The Civil Aviation Authority of Thailand (CAAT) has selected the UK CAA’s technical cooperation arm, CAA International (CAAi), to review, draft and implement new ICAO complaint aviation regulations and procedures.
Under the next phase of the capacity building programme, CAAi will assess the Thai Aviation Board Regulations (CABRs) against the ICAO Annexes, Standards and Recommended Practices and EASA standards, and support CAAT in redrafting the Thai regulations to align with the requirements of Thailand’s aviation industry. CAAi will also assist CAAT with the development of procedures, manuals, forms and checklists to support the practical implementation of the new regulations.
CAAi has been working with CAAT since 2016 to help create a sustainable aviation regulator for Thailand. In 2017, CAAi helped CAAT recertify its Thai registered international airlines to ICAO standards, which led to the removal of a Significant Safety Concern (SSC) raised by ICAO in 2015.
The agreement was signed at a special ceremony in Bangkok by Dr Chula Sukmanop, Director General at CAA Thailand and Ms Maria Rueda, Managing Director at CAAi. Speaking after the ceremony, Rueda said, “We are delighted to continue our support to CAA Thailand. With over 800,000 people flying to Thailand from the UK alone each year, the UK CAA remains committed to helping CAAT strengthen its regulatory framework to best support Thailand’s projected market growth over the years to come.”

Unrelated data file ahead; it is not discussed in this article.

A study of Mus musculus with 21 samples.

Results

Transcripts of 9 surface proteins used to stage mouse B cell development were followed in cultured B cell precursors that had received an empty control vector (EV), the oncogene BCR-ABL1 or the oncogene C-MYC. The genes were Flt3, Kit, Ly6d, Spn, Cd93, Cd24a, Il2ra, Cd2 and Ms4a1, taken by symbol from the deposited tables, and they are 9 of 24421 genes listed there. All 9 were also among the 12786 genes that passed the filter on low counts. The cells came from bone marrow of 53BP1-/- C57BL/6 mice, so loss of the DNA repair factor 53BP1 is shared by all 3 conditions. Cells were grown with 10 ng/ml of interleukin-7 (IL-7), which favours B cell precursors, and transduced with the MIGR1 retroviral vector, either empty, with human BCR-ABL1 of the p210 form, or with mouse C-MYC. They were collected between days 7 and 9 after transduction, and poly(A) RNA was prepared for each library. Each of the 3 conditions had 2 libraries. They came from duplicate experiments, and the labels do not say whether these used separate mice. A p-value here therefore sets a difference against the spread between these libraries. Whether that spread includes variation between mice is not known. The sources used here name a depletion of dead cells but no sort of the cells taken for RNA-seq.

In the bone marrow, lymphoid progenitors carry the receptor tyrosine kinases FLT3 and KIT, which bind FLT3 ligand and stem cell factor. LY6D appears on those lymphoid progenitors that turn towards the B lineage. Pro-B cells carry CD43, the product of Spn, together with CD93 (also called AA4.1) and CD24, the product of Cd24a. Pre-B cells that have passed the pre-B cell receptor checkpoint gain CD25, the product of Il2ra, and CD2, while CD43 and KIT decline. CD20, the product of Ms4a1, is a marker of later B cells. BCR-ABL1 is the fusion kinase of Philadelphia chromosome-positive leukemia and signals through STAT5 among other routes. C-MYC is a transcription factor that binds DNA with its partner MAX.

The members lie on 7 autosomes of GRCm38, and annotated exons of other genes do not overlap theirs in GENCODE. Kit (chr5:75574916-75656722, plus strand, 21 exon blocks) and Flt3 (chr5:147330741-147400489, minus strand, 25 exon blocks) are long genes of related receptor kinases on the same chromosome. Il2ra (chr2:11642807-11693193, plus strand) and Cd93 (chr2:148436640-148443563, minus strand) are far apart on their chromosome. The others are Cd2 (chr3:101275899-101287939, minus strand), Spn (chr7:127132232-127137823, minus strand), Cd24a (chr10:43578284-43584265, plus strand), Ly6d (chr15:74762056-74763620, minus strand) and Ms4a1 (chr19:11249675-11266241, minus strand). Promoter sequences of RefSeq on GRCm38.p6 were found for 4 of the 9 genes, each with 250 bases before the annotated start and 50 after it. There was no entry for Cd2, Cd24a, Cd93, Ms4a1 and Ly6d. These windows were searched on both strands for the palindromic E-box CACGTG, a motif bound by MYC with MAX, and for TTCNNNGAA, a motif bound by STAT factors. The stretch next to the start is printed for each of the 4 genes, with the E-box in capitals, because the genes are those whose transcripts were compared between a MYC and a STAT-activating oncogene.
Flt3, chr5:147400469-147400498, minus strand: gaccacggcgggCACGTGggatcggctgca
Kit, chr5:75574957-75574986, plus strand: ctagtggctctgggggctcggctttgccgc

Also in attendance was Mr Mark Smithson, Deputy Director for the British Embassy’s Department of International Trade. Commenting after the ceremony, Smithson said, “I am delighted to attend the signing of the agreement between the CAAi and the Ministry of Transport to develop new regulations and continue to raise aviation safety in Thailand. The ongoing collaboration and sharing of expertise between the CAAi and the Thai authorities to build long-term sustainability, local capacity and raise aviation standards exemplifies the close ties and depth of the partnership between our two countries”.
The project is expected to start immediately and last 26 months.